This video says about itself:
13 January 2015
On February 15, 2003, millions of people in over 800 cities on seven continents marched against the impending invasion of Iraq. It was the largest mobilization of people in human history and yet it remains a little-known story. As we approach Martin Luther King Day and think about his legacy of civic resistance, this episode looks at the recent history of the global antiwar movement, and its relevance to today.
A new documentary by this week’s guest, Amir Amirani, tells the story of the mass protests against the Iraq war. From Iraq to Egypt to Syria to today’s protests, the film looks at the legacy of that protest movement and asks, what do mass mobilizations accomplish? Amir Amirani a long time filmmaker for the BBC, tells about his process making the film.
We are also joined by one of the organizers of those historic protests, Phyllis Bennis, an activist, author, and fellow at the Institute for Policy Studies in New York, to talk about the story behind the movement.
This episode also features a profile of the activists behind one of the biggest recent US environmental victories, the struggle that helped lead to New York state’s ban on fracking. And in a commentary, Laura discusses the need for movement unity.
By Ian Sinclair in Britain:
March of the majority
Tuesday 19th May 2015
We Are Many
Directed by Amir Amirani
FEBRUARY 15 2003 “was the single largest mobilisation of people in the history of humanity — bar none,” notes US analyst Phyllis Bennis in We Are Many, Amir Amirani’s brilliant new documentary about the global anti-war movement against the Iraq war.
Beginning with the terrorist attacks on 9/11, Amirani uses stirring archive news footage and original interviews with key figures like Tony Benn, Clare Short, Jesse Jackson and Noam Chomsky to tell the story of that momentous day.
Around 30 million people marched in 789 major cities in over 72 countries across the world. A small rally even took place at the McMurdo research station in Antarctica. Over 1,000,000 people marched through London in the biggest protest in British history.
The story will be familiar to many Morning Star readers but the film does include many important and interesting snippets of information and analysis, such as US air force veteran Tim Goodrich blowing apart the fiction that war was a last resort. The US bombing of Iraq increased by over 500 per cent in autumn 2002 “with the purpose of trying to goad Saddam Hussein into retaliating to give us a reason to go to war,” he says.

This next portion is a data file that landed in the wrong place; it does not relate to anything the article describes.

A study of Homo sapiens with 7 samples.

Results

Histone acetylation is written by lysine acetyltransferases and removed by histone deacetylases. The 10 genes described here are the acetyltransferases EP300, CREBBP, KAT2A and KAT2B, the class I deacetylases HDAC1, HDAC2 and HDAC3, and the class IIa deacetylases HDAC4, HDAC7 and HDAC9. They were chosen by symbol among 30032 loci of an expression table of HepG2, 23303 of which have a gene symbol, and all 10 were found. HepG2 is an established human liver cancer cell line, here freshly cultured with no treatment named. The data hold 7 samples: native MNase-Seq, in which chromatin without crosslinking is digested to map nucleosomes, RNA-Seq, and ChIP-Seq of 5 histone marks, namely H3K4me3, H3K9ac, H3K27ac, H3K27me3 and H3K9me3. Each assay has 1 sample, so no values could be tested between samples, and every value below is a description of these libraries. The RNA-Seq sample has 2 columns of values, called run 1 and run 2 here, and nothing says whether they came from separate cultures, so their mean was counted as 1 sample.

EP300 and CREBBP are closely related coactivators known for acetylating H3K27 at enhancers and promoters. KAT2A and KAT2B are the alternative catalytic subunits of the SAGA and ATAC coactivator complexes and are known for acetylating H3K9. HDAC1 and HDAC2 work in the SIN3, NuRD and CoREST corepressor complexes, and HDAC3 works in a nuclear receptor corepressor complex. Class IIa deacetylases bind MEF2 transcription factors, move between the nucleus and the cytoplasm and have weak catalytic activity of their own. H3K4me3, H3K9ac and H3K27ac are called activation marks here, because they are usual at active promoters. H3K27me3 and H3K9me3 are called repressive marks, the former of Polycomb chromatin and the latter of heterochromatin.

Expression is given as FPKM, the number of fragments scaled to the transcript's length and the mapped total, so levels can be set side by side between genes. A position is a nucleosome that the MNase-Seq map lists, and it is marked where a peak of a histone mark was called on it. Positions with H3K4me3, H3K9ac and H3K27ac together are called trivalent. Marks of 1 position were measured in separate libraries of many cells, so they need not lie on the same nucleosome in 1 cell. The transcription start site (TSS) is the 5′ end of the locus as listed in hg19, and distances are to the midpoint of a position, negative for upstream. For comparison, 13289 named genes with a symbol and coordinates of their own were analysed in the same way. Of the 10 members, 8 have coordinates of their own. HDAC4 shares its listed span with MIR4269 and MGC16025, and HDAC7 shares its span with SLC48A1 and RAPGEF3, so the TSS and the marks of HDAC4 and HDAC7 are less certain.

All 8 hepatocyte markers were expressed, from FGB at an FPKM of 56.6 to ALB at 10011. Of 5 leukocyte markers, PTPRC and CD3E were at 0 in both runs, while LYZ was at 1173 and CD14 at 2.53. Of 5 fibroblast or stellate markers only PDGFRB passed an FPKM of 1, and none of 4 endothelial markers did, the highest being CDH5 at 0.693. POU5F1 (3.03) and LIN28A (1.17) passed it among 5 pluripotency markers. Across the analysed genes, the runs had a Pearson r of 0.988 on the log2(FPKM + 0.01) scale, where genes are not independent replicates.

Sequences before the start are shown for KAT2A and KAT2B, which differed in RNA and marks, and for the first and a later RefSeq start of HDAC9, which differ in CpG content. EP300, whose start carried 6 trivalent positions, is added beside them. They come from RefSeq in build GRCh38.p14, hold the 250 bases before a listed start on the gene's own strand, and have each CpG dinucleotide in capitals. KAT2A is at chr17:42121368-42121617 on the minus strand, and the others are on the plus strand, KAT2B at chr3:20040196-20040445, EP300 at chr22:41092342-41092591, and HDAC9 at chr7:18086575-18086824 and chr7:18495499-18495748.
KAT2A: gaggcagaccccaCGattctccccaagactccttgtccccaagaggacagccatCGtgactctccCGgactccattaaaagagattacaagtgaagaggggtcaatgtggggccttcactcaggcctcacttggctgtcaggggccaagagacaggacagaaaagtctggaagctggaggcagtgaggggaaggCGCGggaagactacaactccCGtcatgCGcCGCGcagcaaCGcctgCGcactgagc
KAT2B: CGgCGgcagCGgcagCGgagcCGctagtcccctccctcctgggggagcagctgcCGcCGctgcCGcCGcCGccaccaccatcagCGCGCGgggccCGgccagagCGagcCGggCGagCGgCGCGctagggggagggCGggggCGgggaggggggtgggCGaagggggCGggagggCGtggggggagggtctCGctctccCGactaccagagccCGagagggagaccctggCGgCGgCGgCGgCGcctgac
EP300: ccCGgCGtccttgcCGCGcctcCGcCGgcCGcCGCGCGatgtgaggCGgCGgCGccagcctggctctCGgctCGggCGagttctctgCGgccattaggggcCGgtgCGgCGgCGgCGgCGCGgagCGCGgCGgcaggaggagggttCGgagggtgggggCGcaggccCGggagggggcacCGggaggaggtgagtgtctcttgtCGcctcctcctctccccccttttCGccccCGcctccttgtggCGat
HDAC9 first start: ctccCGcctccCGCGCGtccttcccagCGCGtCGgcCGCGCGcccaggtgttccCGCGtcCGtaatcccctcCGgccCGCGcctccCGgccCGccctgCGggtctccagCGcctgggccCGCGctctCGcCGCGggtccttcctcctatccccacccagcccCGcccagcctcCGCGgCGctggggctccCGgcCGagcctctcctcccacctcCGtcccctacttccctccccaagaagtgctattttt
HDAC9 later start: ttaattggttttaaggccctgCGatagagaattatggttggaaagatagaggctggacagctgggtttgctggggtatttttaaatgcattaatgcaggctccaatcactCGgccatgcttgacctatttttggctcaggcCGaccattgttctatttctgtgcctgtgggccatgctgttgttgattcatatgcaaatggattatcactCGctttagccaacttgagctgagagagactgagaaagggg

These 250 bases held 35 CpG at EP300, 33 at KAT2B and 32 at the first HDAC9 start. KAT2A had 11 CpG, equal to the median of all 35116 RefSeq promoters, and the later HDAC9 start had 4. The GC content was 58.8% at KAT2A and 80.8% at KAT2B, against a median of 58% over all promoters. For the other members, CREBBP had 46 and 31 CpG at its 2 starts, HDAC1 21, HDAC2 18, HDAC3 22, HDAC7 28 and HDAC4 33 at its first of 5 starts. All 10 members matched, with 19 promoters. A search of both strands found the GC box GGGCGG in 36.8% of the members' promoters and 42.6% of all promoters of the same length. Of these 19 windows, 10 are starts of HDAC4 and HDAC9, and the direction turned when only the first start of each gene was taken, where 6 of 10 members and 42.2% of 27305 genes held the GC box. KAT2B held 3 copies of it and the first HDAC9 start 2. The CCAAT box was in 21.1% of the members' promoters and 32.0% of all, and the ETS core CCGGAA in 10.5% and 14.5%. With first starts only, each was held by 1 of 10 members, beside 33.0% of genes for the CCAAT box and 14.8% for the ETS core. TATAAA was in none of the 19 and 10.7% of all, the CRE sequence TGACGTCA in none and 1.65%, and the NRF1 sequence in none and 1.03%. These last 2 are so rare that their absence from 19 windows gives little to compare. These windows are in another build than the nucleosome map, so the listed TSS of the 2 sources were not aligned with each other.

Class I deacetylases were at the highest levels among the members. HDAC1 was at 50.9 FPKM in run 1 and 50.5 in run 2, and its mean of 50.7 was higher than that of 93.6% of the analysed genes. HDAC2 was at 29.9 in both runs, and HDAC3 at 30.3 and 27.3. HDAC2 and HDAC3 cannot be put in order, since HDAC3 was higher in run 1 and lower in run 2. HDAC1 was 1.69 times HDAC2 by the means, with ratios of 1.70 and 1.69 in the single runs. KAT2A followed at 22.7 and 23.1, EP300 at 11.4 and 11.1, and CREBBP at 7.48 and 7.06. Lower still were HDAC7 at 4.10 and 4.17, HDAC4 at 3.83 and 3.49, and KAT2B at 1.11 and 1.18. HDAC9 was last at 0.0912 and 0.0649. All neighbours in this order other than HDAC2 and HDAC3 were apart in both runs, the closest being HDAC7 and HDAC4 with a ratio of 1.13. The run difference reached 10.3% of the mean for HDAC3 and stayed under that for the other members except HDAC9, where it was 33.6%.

Elsewhere Hans Blix, the chief UN weapons inspector from 2000 until 2003, amusingly explains that the US and UK “were 100 per cent sure that there were weapons of mass destruction” in Iraq though “they had zero per cent knowledge of where they were.”
And who knew that Virgin boss Richard Branson had made an unsuccessful attempt to stop the war by flying Nelson Mandela to Baghdad on the eve of the invasion?
The film ends by exploring the long-lasting impact of February 15 2003, including its role in shifting British public opinion so much that it made it impossible for the coalition government to go to war against Syria a decade later.
Amirani also tells the unknown story of how the global movement against the Iraq war inspired Egyptians to start protesting against President Hosni Mubarak. “That’s exactly when I was thinking, and others, that if we were triple that number, or four times that number, we could take down Mubarak,” notes one Egyptian activist about the March 2003 protest in Tahrir Square against the war.
Writing in the New York Times, journalist Patrick Tyler commented that the global demonstrations were “reminders that there may still be two superpowers on the planet: the United States and world public opinion.”
Taking its name from the last line of Shelley’s 1819 poem Mask of Anarchy, We Are Many is itself a moving and timely reminder of the power of activism and protest — the perfect antidote to the despair created by the new Tory majority government.
Far from facing the truth, the US is telling new lies about Iraq: Gary Younge. Politicians who claim they had no choice but to support the invasion are wrong. America got a war it wanted – even if it wasn’t what it expected: here.
In 2003 UN imposed sanctions against Iraq – instigated by US and Britain – as a result of which 500,000 children died. IAN SINCLAIR has the story: here.